For summer movies, the first rule of fight club is that testosterone trumps estrogen. Hear it. Learn it. So does that mean Kristen Wiig and her bouquet-wielding bridesmaids will fall under the hammer of the mighty Thor, the mythical Marvel Comics prince played by Chris Hemsworth like Don Draper on steroids? Not so fast. There may be surprises.
Thor, for all its digital sound and 3D fury, is a guy movie unafraid of showing its feminine side. As Norse gods go, Thor (Hemsworth) is quite the studly specimen who can fly among the clouds bending thunder and lightning to his will. But when Thor’s anger-management issues force his big daddy, Odin (Anthony Hopkins), to banish him from the mystical planet Asgard, Thor is in for a rude awakening. No sooner does the powerless prince land with a thud in the New Mexico desert than he goes all weak in the knees for Jane Foster, a research scientist played with smarts and a shy smile to die for by Natalie Portman.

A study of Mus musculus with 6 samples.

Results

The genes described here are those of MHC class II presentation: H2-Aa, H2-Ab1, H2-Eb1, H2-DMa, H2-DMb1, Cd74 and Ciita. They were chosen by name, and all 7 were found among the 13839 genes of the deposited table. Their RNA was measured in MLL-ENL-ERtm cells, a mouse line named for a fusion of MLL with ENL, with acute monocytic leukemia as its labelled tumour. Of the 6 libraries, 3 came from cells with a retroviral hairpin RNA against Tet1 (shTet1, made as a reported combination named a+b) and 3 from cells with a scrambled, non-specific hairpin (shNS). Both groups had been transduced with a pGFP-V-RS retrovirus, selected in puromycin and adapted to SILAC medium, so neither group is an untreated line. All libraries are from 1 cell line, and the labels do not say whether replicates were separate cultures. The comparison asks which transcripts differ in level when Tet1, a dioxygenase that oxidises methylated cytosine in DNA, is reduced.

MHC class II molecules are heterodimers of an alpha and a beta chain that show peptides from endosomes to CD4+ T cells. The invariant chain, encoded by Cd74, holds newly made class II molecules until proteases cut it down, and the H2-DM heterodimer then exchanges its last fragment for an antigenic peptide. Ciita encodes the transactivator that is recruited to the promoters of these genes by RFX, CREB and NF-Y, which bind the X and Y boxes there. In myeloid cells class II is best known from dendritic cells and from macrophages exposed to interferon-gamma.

What to do when a Black Swan Oscar winner crushes on you? If you’re Thor, you learn to be tender even while plotting revenge on Loki (Tom Hiddleston, all gleaming, seductive evil), the jealous brother who turned Dad against you.
Thor cleverly has it both ways, heft and heart, only occasionally tripping on the speed bumps in the script by Ashley Edward Miller, Zack Stentz and Don Payne. Directed by noted Shakespearean Kenneth Branagh with a class-act grasp of how action works best when it defines character instead of obliterating it, Thor comes on like thunder, delivering epic fireworks that don’t neglect the dramatic sparks ignited between father and son, brother and brother, and lovers from two different worlds.
Hemsworth, an Aussie actor with a vocal command to match his heaving brawn, doesn’t just play the role, he owns it. I’m expecting both sexes will feel his impact. Teaming Thor in the upcoming Avengers with other Marvel heroes (Iron Man, Captain America and others) sounds like a party suitable even for ladies’ night.